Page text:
WASHINGTON: Calling the Taliban-linked Haqqani network a "common enemy", the US has made it clear to Pakistan that both countries have to work together to deal with the dreaded terror outfit responsible for attacks on coalition forces based in Afghanistan.
Stating this, Defence Secretary Leon Panetta said Pakistan too has been a victim of terrorism and cited the recent killing of 17 Pakistani soldiers by the Tehrik-e-Taliban Pakistan (TTP).
"They lost 17 Pakistanis on a patrol to the TTP. And so every day they too are the victims of terrorism," he noted.
"So we have a common enemy. It would make sense if we could work together to confront that common enemy," Panetta told reporters at Pentagon yesterday, responding to a question on the Haqqani network.
It is in the interest of Islamabad as well to take action against the Haqqani network, he said.
"I think he (General John Allen, Commander of US and NATO forces in Afghanistan) got a receptivity from (Pakistan Army Chief) General (Ashfaq Pervez) Kayani that he understood the concern," he said.
On closure of the NATO supply routes by Pakistan, Panetta said the US continues to have discussions with Islamabad on reopening of the ground lines of communication (GLOCs).
"There continue to be discussions in this area. We continue to have a line of communications with the Pakistanis to try to see if we can take steps to reopen the GLOCs. And you know, the good news is that there continue to be those discussions," Panetta said.
"There still are some tough issues to try to resolve. But, you know, I think the important thing right now is that both sides, in good faith, keep working to see if we can resolve this," he said.
Meanwhile, an eminent US expert told lawmakers at a Congressional hearing that given Pakistan's reluctance to take action against the Haqqani network, the US should continue with its drone strikes.
"I believe we need to launch drone and/or special operation strikes on Haqqani and Afghan Taliban leadership targets within Pakistan. They cannot have impunity to operate within Afghanistan as they currently have if we expect to be at all successful in the long run in Afghanistan," said Max Boot, senior fellow for National Security Studies at Council on Foreign Relations.
Appearing before the same Congressional committee, (Retd) Army General Jack Keane, the former Army vice chief of staff, argued that the US should take the Pakistani supply route off the table.
"Obviously we've had our main supply route closed for a number of months now and we're able to sustain the force that we have. Two means to do that is the other supply route in the north and also the air line of communication that we've established," he said.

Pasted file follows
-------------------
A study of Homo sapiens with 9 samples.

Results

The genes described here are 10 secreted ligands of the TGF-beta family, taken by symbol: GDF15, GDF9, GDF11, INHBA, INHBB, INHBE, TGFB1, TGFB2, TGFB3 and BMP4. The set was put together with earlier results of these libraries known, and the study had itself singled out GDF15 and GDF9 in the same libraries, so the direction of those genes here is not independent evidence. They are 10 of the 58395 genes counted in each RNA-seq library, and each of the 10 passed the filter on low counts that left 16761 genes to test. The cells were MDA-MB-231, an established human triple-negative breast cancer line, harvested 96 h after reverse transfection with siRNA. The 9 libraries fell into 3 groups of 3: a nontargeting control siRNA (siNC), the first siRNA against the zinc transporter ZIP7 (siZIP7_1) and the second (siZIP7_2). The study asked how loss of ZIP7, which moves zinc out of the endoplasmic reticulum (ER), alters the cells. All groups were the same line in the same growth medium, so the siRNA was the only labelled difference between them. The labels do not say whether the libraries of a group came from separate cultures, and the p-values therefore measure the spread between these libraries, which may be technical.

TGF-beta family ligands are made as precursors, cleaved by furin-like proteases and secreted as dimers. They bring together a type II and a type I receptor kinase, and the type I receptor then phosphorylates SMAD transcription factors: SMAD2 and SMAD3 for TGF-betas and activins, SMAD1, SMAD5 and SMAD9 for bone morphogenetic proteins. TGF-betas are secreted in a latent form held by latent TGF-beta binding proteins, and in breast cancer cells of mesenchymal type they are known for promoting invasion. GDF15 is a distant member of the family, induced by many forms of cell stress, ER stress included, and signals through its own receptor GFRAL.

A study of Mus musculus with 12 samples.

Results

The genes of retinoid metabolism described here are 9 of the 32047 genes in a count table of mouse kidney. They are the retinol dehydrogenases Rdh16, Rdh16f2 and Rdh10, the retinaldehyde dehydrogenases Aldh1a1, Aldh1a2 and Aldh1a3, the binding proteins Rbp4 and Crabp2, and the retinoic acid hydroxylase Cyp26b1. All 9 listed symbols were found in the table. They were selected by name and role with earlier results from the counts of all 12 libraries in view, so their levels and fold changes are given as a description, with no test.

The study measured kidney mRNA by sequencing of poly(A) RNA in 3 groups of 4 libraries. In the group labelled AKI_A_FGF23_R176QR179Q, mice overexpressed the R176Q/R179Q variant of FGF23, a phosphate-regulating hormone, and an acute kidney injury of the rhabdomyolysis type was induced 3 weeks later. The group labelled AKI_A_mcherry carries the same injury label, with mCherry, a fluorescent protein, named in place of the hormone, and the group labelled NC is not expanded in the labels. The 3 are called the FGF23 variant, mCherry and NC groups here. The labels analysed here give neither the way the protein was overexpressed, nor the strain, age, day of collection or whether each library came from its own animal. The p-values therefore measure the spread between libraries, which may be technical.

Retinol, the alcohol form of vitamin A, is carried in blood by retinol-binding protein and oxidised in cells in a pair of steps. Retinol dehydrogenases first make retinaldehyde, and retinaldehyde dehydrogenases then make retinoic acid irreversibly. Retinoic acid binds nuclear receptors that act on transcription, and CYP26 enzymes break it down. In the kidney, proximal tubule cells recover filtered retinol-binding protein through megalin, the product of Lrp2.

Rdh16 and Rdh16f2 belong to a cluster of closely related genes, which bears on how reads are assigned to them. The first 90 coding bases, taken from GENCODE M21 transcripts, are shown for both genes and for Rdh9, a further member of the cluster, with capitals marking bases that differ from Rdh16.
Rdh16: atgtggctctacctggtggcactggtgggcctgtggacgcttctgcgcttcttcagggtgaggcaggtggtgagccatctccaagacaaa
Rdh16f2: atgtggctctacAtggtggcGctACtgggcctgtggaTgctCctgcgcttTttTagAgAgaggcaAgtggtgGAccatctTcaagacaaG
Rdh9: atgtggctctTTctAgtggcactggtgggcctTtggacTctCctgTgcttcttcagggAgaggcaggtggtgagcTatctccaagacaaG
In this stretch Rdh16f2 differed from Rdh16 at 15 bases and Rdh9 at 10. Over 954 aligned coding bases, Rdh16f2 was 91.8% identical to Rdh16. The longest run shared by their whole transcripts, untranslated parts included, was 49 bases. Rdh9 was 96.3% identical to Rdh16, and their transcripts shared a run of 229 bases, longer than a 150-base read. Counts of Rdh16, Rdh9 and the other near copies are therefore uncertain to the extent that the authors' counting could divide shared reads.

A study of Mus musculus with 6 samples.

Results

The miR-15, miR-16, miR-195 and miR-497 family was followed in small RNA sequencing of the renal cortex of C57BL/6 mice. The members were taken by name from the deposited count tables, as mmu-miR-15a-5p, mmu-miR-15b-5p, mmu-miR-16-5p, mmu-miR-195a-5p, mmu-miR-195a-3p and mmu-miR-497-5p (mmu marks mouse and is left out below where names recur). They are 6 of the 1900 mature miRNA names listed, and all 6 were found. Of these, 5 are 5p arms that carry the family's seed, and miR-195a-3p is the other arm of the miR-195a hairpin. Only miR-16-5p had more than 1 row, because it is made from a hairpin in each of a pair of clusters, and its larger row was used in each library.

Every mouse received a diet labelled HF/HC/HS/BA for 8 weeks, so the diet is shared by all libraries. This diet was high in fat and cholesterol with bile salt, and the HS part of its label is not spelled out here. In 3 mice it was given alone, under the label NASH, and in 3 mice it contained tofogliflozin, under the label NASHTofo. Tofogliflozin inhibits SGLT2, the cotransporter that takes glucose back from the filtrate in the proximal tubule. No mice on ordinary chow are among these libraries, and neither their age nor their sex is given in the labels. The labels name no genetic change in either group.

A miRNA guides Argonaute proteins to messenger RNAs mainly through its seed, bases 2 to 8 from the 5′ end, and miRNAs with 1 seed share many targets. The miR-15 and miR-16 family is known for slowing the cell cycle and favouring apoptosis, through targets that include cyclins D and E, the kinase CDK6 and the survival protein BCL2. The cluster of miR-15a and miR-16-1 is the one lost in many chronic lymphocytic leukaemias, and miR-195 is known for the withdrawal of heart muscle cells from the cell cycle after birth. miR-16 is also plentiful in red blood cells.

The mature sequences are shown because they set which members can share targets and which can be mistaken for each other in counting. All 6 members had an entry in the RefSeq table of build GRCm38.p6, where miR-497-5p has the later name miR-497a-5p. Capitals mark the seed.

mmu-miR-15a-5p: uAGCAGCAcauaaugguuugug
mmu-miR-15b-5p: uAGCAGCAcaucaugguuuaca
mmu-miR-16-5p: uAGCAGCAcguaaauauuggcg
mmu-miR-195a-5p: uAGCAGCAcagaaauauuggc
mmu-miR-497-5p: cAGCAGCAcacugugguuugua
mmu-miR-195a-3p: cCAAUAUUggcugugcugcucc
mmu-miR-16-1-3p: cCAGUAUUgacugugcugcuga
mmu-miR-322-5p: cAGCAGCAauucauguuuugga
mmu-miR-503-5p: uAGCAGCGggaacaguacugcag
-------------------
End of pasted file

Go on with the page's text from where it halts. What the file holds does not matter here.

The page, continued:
"I think it's overstated, our dependency on that main supply route. It certainly is desirable because it's a lot easier to use. It's less costly, although the Pakistanis certainly want us to pay through the nose for the challenges that we had between them.”
"So I think we could actually take the issue off the table in my judgment in terms of our relationship with Pakistan on this issue because we do have alternatives. And most dramatically, our force size is coming down rather significantly, and therefore there's less requirement," Keane said.
Pakistan had closed the supply routes after a NATO raid killed 24 of its soldiers in November last year.
Michael O'Hanlon, the director of Research, Senior Fellow and Chair at Brookings Institution's Foreign Policy Programme, said at the hearing that logistically the US now is in a much better place vis-à-vis Pakistan.
"My hats off to our military logisticians and our diplomats who have developed the northern distribution network. It's an amazing alternative," he said.
"It still increases slightly uncomfortably our dependence on (Russian President) Vladimir Putin, but some of those routes don't require his explicit permission, and in any event we're in a much better place," he told lawmakers.
Boot said the US has tried very heavily subsidising the Pakistani Army over the course of the last decade in an effort basically to wean them away from the Taliban, the Haqqanis, to basically "bribe" them, in a way, into becoming US allies.
"That effort has totally failed," he argued.
"As a starting point, we need to recognise that effort has failed, that the Pakistanis remain as deeply committed to the Afghan Taliban, the Haqqani Network, now as they were a decade ago.”
"And so, for that reason, I think it's been counter-productive to give all the subsidies that we've given to the Pakistani military, which in essence has been basically indirectly subsidising the very forces that are killing our personnel in Afghanistan," he said.
"I'm not saying cut off all aid to the state in Pakistan. I think we should certainly continue to fund civil society in Pakistan in an alternative to the military-dominated, ISI-dominated foreign and national security policy they pursue. But I think we need to recognise that Pakistan is not our friend here and that giving further subsidies to the military will be counter-productive," Boot said.
He said: "I don't think it would lead to the kind of consequences that some people fear, such as 'jihadist' takeover of the state, because I believe that the Pakistani military is still very good at internal control and will still be able to remain in power."
"But their resources that they use, in large part, for subsidising, for preparing for war against India and for subsidising 'jihadist' groups that attack ourselves and our allies, those resources will be decreased," Boot said.